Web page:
Starve a Cold, Feed a Fever?
Colds and Foods High in Glutathione
Glutathione is another nutrient that has been found to strengthen the immune system so it can fight infections. This powerful antioxidant is most plentiful in the red, pulpy area of the watermelon near the rind. It can also be found in broccoli, Brussels sprouts, cabbage, cauliflower, spinach, and other cruciferous vegetables.
Colds and Foods High in Phytochemicals
Foods high in phytochemicals are also important for wellness. Phytochemicals appear in all plants, therefore, a diet that includes a variety of grains, fruits, and vegetables will provide these healthy substances.
Foods rich in phytochemicals include: apples, apricots, broccoli, Brussels sprouts, cabbage, carrots, cauliflower, garlic, legumes, onions, red peppers, soybeans, sweet potatoes, and tomatoes.
Colds and Yogurt
Some studies have shown that eating a daily cup of low-fat yogurt can help reduce your susceptibility to colds. Researchers say the beneficial bacteria in yogurt may stimulate production of immune system substances that fight disease.
Colds and Foods High in Zinc
The mineral zinc also has antioxidant effects and is vital to the body's resistance to infection and for tissue repair. Zinc is also thought to stimulate the immune system.
Some studies show that sucking on zinc lozenges at the start of a cold may reduce the duration of cold symptoms. However, study results are conflicting and suggest that zinc may have a minimal benefit at best. Researchers continue to study zinc to determine its true effect on colds. For now, your best bet may be to eat foods packed with the healthy mineral.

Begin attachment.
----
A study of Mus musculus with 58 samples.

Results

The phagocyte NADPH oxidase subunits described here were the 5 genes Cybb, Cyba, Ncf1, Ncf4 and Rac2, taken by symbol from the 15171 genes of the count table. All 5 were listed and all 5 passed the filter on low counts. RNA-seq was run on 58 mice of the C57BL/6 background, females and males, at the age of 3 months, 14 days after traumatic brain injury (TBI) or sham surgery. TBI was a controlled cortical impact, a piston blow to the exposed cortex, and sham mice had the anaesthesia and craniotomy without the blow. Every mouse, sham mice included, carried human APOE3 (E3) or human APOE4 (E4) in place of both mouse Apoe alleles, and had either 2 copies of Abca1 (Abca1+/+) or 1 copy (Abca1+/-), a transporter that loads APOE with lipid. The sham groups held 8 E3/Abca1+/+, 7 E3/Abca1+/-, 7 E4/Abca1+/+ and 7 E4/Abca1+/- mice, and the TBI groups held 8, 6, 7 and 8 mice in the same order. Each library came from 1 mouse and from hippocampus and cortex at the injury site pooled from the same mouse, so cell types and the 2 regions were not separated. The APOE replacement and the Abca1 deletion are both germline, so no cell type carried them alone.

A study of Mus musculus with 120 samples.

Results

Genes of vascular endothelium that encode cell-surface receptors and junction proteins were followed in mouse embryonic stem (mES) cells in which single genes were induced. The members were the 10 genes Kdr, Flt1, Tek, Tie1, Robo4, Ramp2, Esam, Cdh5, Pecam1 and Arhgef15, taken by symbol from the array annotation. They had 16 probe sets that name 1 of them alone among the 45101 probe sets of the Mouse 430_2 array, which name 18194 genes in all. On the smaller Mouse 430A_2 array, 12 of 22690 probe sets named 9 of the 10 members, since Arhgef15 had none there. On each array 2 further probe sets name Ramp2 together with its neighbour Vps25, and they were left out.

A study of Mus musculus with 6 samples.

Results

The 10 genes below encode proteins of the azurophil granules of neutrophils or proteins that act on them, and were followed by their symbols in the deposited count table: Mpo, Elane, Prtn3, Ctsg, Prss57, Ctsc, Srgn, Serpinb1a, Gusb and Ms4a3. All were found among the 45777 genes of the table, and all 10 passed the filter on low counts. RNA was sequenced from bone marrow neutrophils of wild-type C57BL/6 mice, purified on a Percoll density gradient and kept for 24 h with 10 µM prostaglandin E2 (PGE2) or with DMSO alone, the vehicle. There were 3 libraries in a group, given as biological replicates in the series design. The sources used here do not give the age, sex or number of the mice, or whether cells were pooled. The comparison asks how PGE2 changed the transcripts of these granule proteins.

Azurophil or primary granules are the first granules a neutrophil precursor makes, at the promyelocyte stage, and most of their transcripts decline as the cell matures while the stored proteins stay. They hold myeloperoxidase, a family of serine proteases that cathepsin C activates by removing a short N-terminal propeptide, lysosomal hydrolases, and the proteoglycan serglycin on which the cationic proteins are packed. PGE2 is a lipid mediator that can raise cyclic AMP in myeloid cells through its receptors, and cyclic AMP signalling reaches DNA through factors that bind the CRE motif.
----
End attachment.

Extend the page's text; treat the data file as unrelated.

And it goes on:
Food rich in zinc include: eggs, meats, nuts, seafood, seeds, wheat germ, and whole grains.
Colds and Protein-Packed Foods
Protein is vital to build and repair body tissue and fight viral and bacterial infections. Immune system powerhouses such as antibodies and immune system cells rely on protein. Too little protein in the diet may lead to symptoms of weakness, fatigue, apathy, and poor immunity. Choose lean sources of protein such as skinless chicken, lean beef and turkey, beans, and soy.
Colds and Grandma's Chicken Soup
Chicken soup appears to help fight colds in at least two research studies. It helps clear nasal congestion as well as thin mucus so you can better cough it up. In addition, research shows it may have a mild anti-inflammatory effect than can help ease cold symptoms.
Drinking hot tea is another great old home remedy. Hot tea helps to thin mucus and ensure proper hydration of the body. Green and black tea are filled with flavonoids, which are potent antioxidants.